It’s important to consider ‘the human’ whilst designing; we as humans have a variety of capabilities and ultimately have limitations too. In this week’s session we realise that designers must approach tasks with the understanding of both perceptive and cognitive capabilities that users may have.
We learnt that perception mainly consists of our senses – these include vision, auditory, olfactory, haptic/tactile and gustatory. An interesting point raised was that our senses often work together, but vision as our primary sense can often trick us. An example we viewed showed a man repeating the word ‘bar’ to camera, this was then replaced with a clip of the man mouthing ‘far’ but to the sound of him recalling ‘bar’. Although we were told what was happening, our brains were still tricking us into hearing ‘far’ due to our overpowering vision sense.
Moving on to our first task we researched memory and learning, we revisited the reading: Psychologists View Of UX Design and drew conclusions and possible design recommendations from this. We found that memory was quite a difficult task to review as we often found ourselves crossing paths with ‘attention’. Our main points consisted of utilising reminders, grouping content into easily digestible chunks and limiting text line length.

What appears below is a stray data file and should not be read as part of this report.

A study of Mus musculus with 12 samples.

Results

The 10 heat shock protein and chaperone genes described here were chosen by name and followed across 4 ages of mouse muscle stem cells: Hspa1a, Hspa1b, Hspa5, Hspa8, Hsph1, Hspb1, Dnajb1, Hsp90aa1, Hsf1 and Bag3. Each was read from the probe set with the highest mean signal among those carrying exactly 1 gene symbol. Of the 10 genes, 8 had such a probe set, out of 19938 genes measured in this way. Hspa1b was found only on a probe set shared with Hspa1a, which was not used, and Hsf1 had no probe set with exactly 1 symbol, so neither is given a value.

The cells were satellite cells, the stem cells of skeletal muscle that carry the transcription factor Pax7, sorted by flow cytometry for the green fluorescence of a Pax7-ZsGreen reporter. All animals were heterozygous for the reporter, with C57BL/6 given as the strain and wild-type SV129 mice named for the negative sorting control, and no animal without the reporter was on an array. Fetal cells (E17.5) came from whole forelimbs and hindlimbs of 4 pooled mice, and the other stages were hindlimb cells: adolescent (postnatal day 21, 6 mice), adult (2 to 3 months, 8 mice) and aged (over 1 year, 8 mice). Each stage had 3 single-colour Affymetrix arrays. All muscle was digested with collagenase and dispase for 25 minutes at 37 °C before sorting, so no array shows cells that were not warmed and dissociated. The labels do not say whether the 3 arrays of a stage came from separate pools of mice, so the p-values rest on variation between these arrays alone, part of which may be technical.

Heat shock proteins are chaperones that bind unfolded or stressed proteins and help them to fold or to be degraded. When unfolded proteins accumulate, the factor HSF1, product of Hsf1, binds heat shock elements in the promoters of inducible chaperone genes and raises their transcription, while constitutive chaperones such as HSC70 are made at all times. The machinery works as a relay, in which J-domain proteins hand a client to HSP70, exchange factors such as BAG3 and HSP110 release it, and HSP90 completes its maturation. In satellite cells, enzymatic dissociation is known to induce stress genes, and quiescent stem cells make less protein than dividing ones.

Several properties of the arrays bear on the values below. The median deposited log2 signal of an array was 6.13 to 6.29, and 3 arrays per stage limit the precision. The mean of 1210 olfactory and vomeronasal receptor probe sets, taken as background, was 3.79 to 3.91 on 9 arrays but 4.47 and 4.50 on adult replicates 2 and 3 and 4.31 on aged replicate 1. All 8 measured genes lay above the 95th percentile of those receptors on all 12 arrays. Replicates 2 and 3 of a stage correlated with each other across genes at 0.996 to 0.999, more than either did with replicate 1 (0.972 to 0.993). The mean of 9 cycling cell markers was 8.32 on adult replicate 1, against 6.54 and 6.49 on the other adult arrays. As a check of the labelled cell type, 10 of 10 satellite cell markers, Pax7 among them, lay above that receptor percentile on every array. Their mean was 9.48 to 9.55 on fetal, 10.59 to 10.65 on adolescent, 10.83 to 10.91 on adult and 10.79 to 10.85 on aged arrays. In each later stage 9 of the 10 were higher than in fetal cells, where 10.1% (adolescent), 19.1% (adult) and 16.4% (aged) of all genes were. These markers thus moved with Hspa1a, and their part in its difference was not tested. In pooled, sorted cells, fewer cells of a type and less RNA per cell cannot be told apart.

We produced a simple slide-show and each took turns to present. We concluded by showing examples of good and bad design for memory/learning.
The second task we found more challenging (perhaps as we were over-questioning the actual potential of these ideas), brainstorming ideas for possible Extended Mind, Neuroplasticity or Brain-Computer Interface (BCI) products. One of our examples was for a BCI electric wheelchair controlled entirely by thought to navigate. Another was an extended mind ear-piece which could record and playback either music or conversations or even important information you would need to remember.